The Ancient Ell, c.1675

at the Old Oaken Bucket Homestead, c.1825

47 Old Oaken Bucket Road, Scituate

This historic homestead is open to the public on Society’s Open House dates, posted each year.  Limited parking is available at the site. 

This place and its well were made famous one Manhattan summer afternoon in 1817.  On that hot day, America’s beloved poet Samuel Woodworth wrote The Old Oaken Bucket, a nostalgic poem about a cool well – thus immortalizing his childhood days spent on this Scituate farm.

How dear to my heart are the scenes of my childhood
When fond recollection presents them to view!
The orchard, the meadow, the deep-tangled wildwood,
And every loved spot which my infancy knew;
The wide-spreading pond, and the mill which stood by it,
The bridge, and the rock where the cataract fell;
The cot of my father, the dairy-house nigh it,
And e’en the rude bucket which hung in the well –

The old oaken bucket, the iron-bound bucket,
The moss-covered bucket which hung in the well.

Samuel Woodworth, excerpt from The Old Oaken Bucket

About the Ancient Ell and the Evolution of the Old Oaken Bucket Homestead

As important as the literary association to Samuel Woodworth is, the Old Oaken Bucket Homestead also has historical and architectural significance completely separate from the poet. Long before this place came to be known as the Old Oaken Bucket Homestead, it was the Northey Farm.

Young Samuel Woodworth did not arrive at this spot until 1798. Indeed, by the time the Woodworth family arrived here, seven generations of Northey’s – some of the earliest of the Massachusetts settlers – had already been clearing and cultivating this land!

Today, all that remains from this early colonial period is the Ancient Ell, an extremely rare one-room house built in 1675 by settler John Northey.

Within an open section of the walls, the original nogging from 1675 can be seen.  Nogging helped to keep out the cold, but – as was the custom of the time – also served to prevent arrows from penetrating the walls.  

Remarkably, this Ancient Ell survived the gruesome years of King Philip’s War.  King Philip’s War lasted only fourteen months (June,1675 to August,1676) but they were devastating months. Twelve settlement towns in the Plymouth and Massachusetts Bay colonies alone were reduced to ashes. Greenbush was spared.  Over 600 settlers died and 1200 homes were burned.  An estimated 3,000 Native Americans died at the hands of the English.

It was a horrific time, witnessed by this unassuming little structure.

While the Ancient Ell was part of Samuel Woodworth’s boyhood home in the late 1700’s – early 1800’s, the farmhouse in which he was raised no longer stands.

The home “of the deep-tangled wildwood” was illustrated many years later by Scituate artist C. Wellington Furlong.  As Furlong notes, this rare view of the home, as it looked during Woodworth’s youth, is “after a copy of a sketch drawn from memory by Samuel Woodworth, the poet.”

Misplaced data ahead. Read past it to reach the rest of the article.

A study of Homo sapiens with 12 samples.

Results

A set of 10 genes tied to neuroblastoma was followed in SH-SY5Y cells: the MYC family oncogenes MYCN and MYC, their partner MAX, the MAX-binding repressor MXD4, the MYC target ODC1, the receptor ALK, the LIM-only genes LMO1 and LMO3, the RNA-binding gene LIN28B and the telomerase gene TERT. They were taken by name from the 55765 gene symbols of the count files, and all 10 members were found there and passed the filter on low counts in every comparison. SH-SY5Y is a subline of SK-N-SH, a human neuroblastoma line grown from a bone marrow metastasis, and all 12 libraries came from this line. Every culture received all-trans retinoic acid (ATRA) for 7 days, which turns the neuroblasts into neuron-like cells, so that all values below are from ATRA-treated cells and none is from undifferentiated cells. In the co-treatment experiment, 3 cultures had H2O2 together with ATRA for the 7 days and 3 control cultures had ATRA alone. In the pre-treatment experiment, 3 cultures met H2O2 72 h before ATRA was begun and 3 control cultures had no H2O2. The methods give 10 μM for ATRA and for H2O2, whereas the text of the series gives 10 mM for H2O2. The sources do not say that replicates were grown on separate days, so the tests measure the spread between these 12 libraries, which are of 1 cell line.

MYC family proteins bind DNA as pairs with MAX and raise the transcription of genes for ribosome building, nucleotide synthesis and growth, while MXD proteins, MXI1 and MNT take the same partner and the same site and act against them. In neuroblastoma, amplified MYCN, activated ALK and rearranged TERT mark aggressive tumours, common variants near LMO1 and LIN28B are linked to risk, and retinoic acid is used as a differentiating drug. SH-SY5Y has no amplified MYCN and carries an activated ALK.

In 1825, the home known by Samuel Woodworth gave place to “a modern farmhouse of more comfortable dimensions”.   A carriage house and ice storage shed were added in 1916, and porches soon after, thus completing the property as seen today.  The Northey Family continued to farm and care for this property well into the twentieth century.  The Scituate Historical Society acquired the property in 1980.

The Old Oaken Bucket Homestead is listed on the National Registry of Historical Homes.  Thank you to the townspeople of Scituate and funding from the Community Preservation Act for the support in preserving this important and beloved site.

Woodworth’s personality always breathed of the same tender, loving spirit that so strongly characterizes his writings.

He attracted to his side the worthiest and the best, winning and holding the friendship and esteem of all with whom he came into contact.


Brooklyn Daily Eagle, 12 Dec 1842

America’s Poet Samuel Woodworth

Samuel Woodworth was born at Scituate Harbor in 1784.

Tragically, Samuel’s mother died when he was only twelve years old.  Two years later, his father – Revolutionary War veteran Benjamin Woodworth – married Betsy Northey.  In 1798, the new family relocated to the Northey Farm in Greenbush.

As young boy, Samuel helped his father farm this land.  Tired and thirsty, Samuel would often drink from its  well.  Woodworth later moved to New York City to pursue a career in publishing.

In 1817, on an exceptionally hot summer’s day, Samuel recalled his boyhood days in Scituate and the fresh, cool water of the farm’s well.  These recollections resulted in the sweet poem known and later sung the world over…  “The Old Oaken Bucket”.

Literary lights of the day frequently gathered at the Woodworth’s modest home in lower Manhattan.  Among his close friends were Washington Irving, Edgar Allen Poe, and James Fenimore Cooper.

Widely beloved, Samuel Woodworth died in 1842, at age 58, leaving behind his dear wife and their ten children.